Where do I even begin with this one?
Seemingly without reason, men and women venture out of their homes and begin walking. They exhibit no signs of awareness, just a blank stare coupled with a slow and steady cadence. If grabbed and made to stop, they heat up like hot water bottles, shake and explode in a violent mess of blood and bone.
Friends and family of the walkers – dubbed shepherds – walk alongside their “flock” in an effort to take care of them as well as offer safety and support for the afflicted. The story doesn’t just stay here though. Wendig puts a spotlight on a “Trumpian” style candidate running against a Democrat incumbent in the upcoming presidential election. Ed Creel, the GOP dark horse, uses much of the same rhetoric as Trump in seeking to sow discontent among those he claims have been “forgotten” by giving a newfound relevance to white nationalists. He frames the walkers as a threat that need to be dealt with.
Also drawn into the story is Matthew, a man of the cloth suffering from a crisis of faith as well as Pete, a decadent rock star struggling with who he is at his core. Both men play a big role in the story and are fully drawn out characters necessary to showcasing the plot on an even bigger level.
While the men and women sleepwalking across the country is the early focus of the book, a horrifying turn of events on the horizon will take the story to a whole other level. One that will change humanity and the world forever.
It’s been about a week since this tome dropped and there have been plenty of reviews written for Wendig’s Wanderers. I’ve read a baker’s dozen of them just to see how everyone feels about it. The majority I’ve read have been overwhelmingly positive with only a small amount being particularly negative. One thing they all seem to share is the penchant for comparing Wanderers with Stephen King’s The Stand. For a long, long time The Stand was my favorite book. Depending on who you ask, King’s 1150 page doorstopper is a towering achievement so any book that gets compared to it has some big shoes to fill.
Do I think Wanderers is as good as The Stand? No. However, that doesn’t mean that Wendig hasn’t written something spectacular in his own right.
If you want to write a book about the end of the world and you want to make it eight hundred pages, you’re not going to spend all your time with just a handful of characters in one location – it has to be sprawling. Wendig introduces a wide cast of players and several themes that deal with the misuse of religion, divisive politics and the looming threat of climate change. It’s like taking the current state of America and injecting it with steroids.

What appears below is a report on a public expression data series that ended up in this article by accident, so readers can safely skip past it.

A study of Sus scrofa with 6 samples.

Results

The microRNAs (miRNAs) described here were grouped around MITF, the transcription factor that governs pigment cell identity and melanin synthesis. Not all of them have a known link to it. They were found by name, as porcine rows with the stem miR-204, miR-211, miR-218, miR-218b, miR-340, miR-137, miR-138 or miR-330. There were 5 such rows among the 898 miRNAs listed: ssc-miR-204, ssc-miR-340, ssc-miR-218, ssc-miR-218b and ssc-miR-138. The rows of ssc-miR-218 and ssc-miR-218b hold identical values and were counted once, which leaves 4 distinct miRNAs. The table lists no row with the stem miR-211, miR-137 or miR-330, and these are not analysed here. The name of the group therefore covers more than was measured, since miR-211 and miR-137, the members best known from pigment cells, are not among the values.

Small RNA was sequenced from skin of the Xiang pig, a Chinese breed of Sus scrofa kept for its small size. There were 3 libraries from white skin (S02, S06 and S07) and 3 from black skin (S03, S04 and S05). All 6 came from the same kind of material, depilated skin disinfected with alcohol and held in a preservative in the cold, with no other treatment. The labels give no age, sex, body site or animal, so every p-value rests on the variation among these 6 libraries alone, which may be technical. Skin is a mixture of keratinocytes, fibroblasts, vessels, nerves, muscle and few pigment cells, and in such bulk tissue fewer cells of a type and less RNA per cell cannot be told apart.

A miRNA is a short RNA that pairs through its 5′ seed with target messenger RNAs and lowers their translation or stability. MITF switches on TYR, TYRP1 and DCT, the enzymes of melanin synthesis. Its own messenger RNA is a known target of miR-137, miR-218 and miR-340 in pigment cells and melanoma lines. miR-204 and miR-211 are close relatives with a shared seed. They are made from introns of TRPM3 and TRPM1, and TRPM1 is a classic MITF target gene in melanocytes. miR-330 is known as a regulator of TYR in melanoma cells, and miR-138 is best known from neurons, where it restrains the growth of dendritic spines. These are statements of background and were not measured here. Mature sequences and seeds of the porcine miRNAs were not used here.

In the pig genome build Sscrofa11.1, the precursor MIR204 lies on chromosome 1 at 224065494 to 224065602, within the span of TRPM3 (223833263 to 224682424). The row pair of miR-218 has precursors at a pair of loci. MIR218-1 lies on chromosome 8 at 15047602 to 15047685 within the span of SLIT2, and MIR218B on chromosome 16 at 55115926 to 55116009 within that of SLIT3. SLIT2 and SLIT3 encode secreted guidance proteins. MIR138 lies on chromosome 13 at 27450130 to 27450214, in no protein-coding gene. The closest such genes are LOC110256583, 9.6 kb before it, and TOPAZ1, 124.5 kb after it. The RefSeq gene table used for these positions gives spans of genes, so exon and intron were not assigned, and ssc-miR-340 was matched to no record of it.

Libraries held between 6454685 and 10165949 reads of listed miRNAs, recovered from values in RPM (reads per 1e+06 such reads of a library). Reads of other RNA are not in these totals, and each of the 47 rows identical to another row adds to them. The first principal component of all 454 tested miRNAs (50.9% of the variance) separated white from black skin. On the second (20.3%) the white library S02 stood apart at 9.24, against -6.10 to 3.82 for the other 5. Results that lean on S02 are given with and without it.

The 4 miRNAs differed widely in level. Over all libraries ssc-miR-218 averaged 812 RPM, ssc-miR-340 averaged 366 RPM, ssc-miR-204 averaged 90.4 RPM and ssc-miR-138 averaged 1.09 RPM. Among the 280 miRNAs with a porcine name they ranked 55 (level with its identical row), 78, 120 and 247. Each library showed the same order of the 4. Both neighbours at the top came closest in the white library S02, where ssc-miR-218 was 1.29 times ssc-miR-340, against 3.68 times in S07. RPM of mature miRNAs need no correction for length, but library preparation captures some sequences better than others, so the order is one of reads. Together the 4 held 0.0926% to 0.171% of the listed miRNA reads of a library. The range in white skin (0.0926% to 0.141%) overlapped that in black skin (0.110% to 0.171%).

Wendig pulls no punches when it comes to depicting the collapse of civilization. Honestly, I found a few moments were even too raw for me. But when it comes down to it, there’s no beauty in the end of the world. Wendig knows this and he isn’t here to sugar coat anything. Humanity likes to believe it’s altruistic and kind and maybe it can be for the most part, but when the chips are down and we’re all staring down the barrel of a loaded shotgun – do we really know what we’re capable of?
So, I’ve gushed unabashedly about the book for the majority of this review, but was it perfect? No, I don’t think so. The ending will likely end up being divisive. I’ll admit, it’s hard to end these massive stories on a note that everyone will enjoy but the journey kind of makes up for it? Maybe? There’s also the whole thing about artificial intelligence that while interesting, sort of lost me near the end. However, it’s not like it didn’t fit the story – things don’t go off the rails – but it goes to a place I wasn’t thrilled with.
Chuck Wendig is without a doubt, one of my absolute favorite authors. I am a huge fan of his Miriam Black series and I’m not sure there’s a writer alive today with a style similar to his that jitters and crackles with an electricity on the page. Writing a book of this size and scope is an achievement for sure and I expect big things for this novel.